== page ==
Group 16 Elements (Oxygen Family)

Oxygen Family:

The elements Oxygen (O), Sulfur (S), Selenium (Se), Tellurium (Te) and Polonium (Po) together constitute group 16 of the long form of Periodic table and are collectively referred to as Members of “Oxygen Family”. These elements are also known as Chalcogens (meaning “Ore forming”) because most of these elements exist in the form of ores. The last member, i.e. Po, is radioactive in nature with a very short half-life period.

General Trends in Physical Properties of Oxygen Family:

(i) Electronic Configuration- The general outer electronic configuration of the members of the oxygen family is ns2 np4 (n = 2 to 6) indicating that these elements have six electrons in the valence shell (2 in s-orbital and 4 in p-orbitals).

Element / SymbolAtomic NumberElectronic Configuration
Oxygen, O81s2, 2s2 2p4 or [He] 2s2 2p4
Sulfur, S161s2, 2s2 2p6, 3s2 3p4 or [Ne] 3s2 3p4
Selenium, Se341s2, 2s2 2p6, 3s2 3p6 3d10, 4s2 4p4 or [Ar] 3d10, 4s2 4p4
Tellurium, Te521s2, 2s2 2p6, 3s2 3p6 3d10, 4s2 4p6 4d10, 5s2 5p4 or [ Kr] 4d10, 5s2 5p4
Polonium, Po841s2, 2s2 2p6, 3s2 3p6 3d10, 4s2 4p6 4d10 4f14, 5s2 5p6 5d10, 6s2 6p4 or [Xe] 4f14, 5d10, 6s2 6p4

(ii) Physical State- Oxygen is a colourless diatomic gas while other members are solids.

(iii) Density- The densities of elements of group 16 increases gradually on moving down the group from ‘O’ to ‘Po’ due to increase in atomic mass which dominates the effect of increase in atomic size.

(iv) Atomic radii and Ionic radii- The elements of group 16 have small values of atomic radii because of their high nuclear charge. However, on moving down the group from ‘O’ to ‘Po’, there is an increase in atomic radii with the increase in atomic number due to an increase in the number of inner energy levels. Like atomic radii, ionic radii also shows an increasing trend in moving down the group.

(v) Melting points and Boiling points- The melting points and boiling points of elements of group 16 gradually increases on moving down the group. The melting point and boiling point of Po are, however, less than that of Te.

(vi) Electronegativity- The members of group 16 have high values of electronegativity because of their small atomic size. Oxygen, the first member of the family has maximum electronegativity in its group (3.5) and it shows a decreasing trend on moving down the group due to increase in atomic size as a valence shell electrons decrease.

(vii) Ionisation energy- The elements of group 16 have quite high values of ionisation energy because of their small atomic size. However, on moving down the group from ‘O’ to ‘Po’, ionisation energy shows a decreasing trend due to increase in atomic size and screening effect which causes decrease in the forces of attraction between nucleus and valence shell electrons.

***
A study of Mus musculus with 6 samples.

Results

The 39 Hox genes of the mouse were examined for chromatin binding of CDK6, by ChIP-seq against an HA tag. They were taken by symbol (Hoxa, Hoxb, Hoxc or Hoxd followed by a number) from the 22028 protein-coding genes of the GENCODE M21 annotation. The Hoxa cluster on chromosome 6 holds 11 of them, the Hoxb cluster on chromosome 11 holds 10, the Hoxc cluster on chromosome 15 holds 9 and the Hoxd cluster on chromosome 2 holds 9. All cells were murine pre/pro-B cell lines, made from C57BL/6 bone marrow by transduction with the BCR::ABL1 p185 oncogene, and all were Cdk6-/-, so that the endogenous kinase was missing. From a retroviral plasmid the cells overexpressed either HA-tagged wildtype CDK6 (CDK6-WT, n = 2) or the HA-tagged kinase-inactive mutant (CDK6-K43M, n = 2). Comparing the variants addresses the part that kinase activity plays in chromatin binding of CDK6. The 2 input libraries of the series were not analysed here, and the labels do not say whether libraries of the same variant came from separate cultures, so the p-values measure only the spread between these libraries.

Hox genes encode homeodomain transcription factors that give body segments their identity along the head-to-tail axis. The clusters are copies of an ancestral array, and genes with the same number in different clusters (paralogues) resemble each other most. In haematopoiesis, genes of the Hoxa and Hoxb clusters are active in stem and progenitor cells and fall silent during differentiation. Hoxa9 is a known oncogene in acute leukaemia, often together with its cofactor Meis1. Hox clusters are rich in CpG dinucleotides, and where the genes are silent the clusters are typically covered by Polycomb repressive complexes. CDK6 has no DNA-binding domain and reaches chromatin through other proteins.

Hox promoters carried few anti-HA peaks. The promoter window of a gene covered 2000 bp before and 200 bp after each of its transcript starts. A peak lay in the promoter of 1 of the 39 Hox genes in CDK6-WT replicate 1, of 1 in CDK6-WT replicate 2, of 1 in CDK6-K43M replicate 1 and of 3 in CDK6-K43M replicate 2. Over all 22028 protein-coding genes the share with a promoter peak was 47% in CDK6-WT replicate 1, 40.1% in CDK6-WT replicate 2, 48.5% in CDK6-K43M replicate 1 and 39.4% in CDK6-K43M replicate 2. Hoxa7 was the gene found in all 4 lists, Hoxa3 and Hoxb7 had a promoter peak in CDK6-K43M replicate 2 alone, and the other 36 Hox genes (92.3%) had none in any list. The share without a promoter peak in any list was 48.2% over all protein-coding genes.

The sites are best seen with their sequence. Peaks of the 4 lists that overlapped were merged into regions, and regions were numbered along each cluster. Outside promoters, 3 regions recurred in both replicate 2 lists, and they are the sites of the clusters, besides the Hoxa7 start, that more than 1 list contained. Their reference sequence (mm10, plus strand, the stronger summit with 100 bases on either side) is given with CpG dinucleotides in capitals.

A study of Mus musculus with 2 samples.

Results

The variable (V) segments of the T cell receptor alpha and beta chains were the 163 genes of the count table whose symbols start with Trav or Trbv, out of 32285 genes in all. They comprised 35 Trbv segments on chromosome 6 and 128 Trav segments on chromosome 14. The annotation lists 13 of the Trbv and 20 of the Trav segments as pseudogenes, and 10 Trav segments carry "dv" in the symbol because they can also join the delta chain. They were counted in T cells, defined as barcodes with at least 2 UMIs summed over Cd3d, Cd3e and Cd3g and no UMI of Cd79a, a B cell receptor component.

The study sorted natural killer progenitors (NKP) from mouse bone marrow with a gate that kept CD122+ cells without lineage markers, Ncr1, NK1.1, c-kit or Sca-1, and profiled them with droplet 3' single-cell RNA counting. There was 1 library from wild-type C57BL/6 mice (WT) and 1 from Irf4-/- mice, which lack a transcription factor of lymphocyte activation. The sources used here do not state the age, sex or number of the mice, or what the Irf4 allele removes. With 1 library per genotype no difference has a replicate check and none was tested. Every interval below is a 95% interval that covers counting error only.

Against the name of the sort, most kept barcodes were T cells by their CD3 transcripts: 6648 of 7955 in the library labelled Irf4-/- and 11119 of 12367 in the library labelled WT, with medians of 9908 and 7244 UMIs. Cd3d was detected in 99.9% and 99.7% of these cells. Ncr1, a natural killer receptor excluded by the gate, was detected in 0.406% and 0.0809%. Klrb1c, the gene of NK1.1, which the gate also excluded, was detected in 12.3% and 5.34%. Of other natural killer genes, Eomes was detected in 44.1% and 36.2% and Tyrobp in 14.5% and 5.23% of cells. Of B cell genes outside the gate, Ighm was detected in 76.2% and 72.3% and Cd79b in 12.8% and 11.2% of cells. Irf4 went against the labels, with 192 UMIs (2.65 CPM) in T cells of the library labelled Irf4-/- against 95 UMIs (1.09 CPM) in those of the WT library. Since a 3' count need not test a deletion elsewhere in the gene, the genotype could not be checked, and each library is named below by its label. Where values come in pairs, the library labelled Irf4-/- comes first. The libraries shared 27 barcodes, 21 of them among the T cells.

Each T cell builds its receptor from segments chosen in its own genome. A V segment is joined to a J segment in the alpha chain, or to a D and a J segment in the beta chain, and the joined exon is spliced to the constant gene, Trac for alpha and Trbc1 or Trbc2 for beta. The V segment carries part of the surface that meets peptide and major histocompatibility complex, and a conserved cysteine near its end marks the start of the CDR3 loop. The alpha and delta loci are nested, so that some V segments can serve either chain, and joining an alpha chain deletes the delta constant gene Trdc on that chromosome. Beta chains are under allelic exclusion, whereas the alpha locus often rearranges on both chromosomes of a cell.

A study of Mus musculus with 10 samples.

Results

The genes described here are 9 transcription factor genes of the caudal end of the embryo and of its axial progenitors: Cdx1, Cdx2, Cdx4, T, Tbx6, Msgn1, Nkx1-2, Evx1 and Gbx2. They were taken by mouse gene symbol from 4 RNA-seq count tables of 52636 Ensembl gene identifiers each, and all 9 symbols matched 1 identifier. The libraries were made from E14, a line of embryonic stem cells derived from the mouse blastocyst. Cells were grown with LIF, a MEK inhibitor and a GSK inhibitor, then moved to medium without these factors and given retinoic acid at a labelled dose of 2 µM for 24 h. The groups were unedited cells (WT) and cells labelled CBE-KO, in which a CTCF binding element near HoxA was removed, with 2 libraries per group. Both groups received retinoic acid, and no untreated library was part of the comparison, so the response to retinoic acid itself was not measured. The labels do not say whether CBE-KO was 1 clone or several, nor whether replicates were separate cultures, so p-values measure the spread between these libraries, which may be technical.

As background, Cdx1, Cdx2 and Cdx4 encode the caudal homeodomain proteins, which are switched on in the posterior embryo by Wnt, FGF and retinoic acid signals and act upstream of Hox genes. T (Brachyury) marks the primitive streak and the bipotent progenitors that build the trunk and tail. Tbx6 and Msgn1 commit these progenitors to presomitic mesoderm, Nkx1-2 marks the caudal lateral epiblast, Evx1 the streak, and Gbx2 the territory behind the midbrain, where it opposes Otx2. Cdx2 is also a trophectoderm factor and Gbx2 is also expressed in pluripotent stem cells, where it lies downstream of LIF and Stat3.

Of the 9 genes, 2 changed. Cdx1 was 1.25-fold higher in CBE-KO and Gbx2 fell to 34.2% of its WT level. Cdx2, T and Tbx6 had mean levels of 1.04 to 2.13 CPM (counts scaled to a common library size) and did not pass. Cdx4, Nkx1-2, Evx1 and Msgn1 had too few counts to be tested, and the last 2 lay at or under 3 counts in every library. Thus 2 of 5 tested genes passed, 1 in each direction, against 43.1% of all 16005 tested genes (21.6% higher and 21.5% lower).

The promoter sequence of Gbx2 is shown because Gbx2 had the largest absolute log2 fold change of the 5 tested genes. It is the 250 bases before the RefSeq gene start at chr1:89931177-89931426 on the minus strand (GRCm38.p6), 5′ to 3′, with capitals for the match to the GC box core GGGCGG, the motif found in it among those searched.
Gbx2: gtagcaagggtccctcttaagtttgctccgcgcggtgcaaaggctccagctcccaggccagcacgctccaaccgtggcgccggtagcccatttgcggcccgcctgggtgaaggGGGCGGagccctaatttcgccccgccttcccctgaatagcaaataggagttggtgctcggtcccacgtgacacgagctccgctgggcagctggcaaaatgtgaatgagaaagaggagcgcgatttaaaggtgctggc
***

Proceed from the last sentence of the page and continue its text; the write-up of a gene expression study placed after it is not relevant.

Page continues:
(viii) Molecular Structure- Oxygen exists as diatomic (O2) gaseous molecule while other members are solid, and have a complex molecular structure. Example- ‘S’ and ‘Se’ exist as octa-atomic molecules (S8 and Se8) which form a puckered type of ring structures.

(ix) Catenation- Oxygen and sulfur show the property of catenation though to a very little extent and it further decreases on moving down the group from ‘O’ to ‘Po’.

O = O ——(O2)

H – O – O – H ——–(H2O2)

H – S – S – S – S – H ————-(H2S4)

(x) Oxidation States- The electronic configuration of these elements (ns2 np4) shows that they require two electrons to attain the stable electronic configuration which they attain either by gaining or by sharing two electrons with other elements. Thus, these elements show both positive and negative oxidation states-

  • Negative Oxidation States- The tendency to show negative oxidation states decreases on moving down the group due to a decrease in electronegativity. Oxygen being most electronegative in its group acquires stable configuration by gaining two electrons and thus forms dinegative ions (O2-) thereby exhibiting -2 oxidation state most commonly. However, it also exhibits an oxidation state of -1 in Peroxides (Na2O2, H2O2 etc.). Sulfur also shows -2 oxidation state in some of its compounds. Example- Na2S, H2S etc. The other members of the family hardly show any tendency to exhibit negative oxidation states.
  • Positive Oxidation States- The only positive oxidation state shown by ‘O’ is +2 in OF2 (oxygen difluoride) because of the high electronegativity of F (4.0) than that of oxygen (3.5). The other members of the family (S, Se, Te) because of their comparatively lower electrovities and presence of vacant d-orbitals in their valence shell can show positive oxidation states of +2, +4 and +6. Example- SO2 (+4), SO3 (+6), SeF4 (+4), SeF6 (+6), TeBr4 (+4), TeF6 (+6) etc. The +4 oxidation state is shown when only p-electrons are unpaired and promoted to vacant d-orbital while +6 oxidation state is shown when both s and p electrons are promoted to the vacant d-orbitals of the valence shell. Oxygen does not show higher oxidation states due to the absence of vacant d-orbitals in its valence shell.